BIG HORN SHEEP
The bighorn sheep has tan or brown fur. It has a white belly, rump and muzzle. It is best known for its large horns. The rams or males have large, thick curving horns. The ewe’s or female’s horns are more slender and less curved. Males weigh between 125-300 pounds, females weigh between 75-200 pounds. The bighorn is a good climber and jumper. Its hooves are hard around the outside and soft on the inside, which help give them traction on slippery rocks.
The bighorn sheep can be found in the Rocky Mountains from southern Canada to Colorado and parts of Nevada, western Texas and eastern California and northern Mexico. The bighorn changes its home range seasonally. In warm months, it grazes on mountain slopes; in colder months it moves down to valleys. Female bighorns live in groups of five to fifteen sheep made up of ewes and their young. Males live in groups of two to five sheep. In the winter bands of ewes may join together and form large groups of up to 100 sheep. Males will join the female groups during mating season.
Bighorn sheep live in alpine meadows, mountain slopes and foothills. They like areas with rocky slopes they can climb to evade predators.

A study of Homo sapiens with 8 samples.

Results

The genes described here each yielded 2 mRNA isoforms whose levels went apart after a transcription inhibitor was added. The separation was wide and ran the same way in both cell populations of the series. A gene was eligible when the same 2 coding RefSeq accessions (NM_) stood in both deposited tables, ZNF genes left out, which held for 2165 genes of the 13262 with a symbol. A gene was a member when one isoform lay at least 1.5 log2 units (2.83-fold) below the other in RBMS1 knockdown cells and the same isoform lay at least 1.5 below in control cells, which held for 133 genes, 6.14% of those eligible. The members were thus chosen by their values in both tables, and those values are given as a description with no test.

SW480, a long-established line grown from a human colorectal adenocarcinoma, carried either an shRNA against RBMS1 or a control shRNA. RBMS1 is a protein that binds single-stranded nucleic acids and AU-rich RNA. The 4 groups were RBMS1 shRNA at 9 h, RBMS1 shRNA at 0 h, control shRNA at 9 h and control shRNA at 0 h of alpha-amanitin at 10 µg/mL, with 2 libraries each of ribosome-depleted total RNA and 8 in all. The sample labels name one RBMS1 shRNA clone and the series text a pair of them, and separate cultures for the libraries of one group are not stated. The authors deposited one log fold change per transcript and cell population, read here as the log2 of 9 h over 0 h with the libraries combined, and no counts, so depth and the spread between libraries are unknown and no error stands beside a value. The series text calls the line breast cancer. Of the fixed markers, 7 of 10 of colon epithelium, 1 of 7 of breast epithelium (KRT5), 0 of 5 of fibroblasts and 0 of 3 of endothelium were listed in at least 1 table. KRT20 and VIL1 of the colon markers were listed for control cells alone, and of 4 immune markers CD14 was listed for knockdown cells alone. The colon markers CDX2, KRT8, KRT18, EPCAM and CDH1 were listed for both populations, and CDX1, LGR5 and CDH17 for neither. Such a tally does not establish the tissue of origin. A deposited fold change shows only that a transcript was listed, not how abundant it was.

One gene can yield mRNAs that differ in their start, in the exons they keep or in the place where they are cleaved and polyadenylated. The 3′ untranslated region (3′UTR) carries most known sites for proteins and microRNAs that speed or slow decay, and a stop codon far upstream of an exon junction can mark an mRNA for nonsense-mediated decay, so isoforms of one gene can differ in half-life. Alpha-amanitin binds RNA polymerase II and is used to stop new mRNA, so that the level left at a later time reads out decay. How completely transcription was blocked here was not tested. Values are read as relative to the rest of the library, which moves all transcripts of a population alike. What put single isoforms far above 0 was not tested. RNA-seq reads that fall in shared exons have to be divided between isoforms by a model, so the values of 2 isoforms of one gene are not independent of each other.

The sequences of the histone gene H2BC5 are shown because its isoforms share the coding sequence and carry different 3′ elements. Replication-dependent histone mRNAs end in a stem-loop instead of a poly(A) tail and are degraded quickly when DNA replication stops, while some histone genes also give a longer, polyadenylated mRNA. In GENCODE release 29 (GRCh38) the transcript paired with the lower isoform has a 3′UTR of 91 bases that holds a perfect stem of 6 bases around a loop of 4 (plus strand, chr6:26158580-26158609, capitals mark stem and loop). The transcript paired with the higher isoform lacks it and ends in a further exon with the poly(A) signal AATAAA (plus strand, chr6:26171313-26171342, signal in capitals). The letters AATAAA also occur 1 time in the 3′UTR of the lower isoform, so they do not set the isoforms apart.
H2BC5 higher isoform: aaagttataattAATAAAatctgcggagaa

The bighorn sheep browses on grasses, clover and sedges in warm months. In colder months, it eats woody plants like willow and sage. Bighorn sheep in desert areas often eat brushy plants like holly and cactus. When it is not grazing, it will lie down and chew its cud.
In the fall, males have head butting contests to establish dominance. They run at each other at speeds of up to 20 miles an hour and ram their heads together. Rams usually only fight with rams who have horns that are about the same size as their horn. Head butting contests can last as long as 20 hours! The dominant ram will mate with more females than the other rams. When a male is ready to mate, he will go into a herd of females. The female will chase the male before they mate. Sometimes a male will kick a female to get her to chase him.
Females have their babies on a cliff that’s hard to access. They have one baby. Lambs are woolly and white and have little horns. They can walk and climb by the first day. The lamb will stay hidden where it was born for about a week and then it will start to follow its mother.
It will be weaned when its is about five months old. Male lambs will leave their mother and join a male group when they are between two and four years old. Female lambs will usually remain with their mother’s group for her whole life.
Sometimes when a group of bighorn sheep is threatened by a predator like the wolf, they will group together in a circle and face out towards the predator.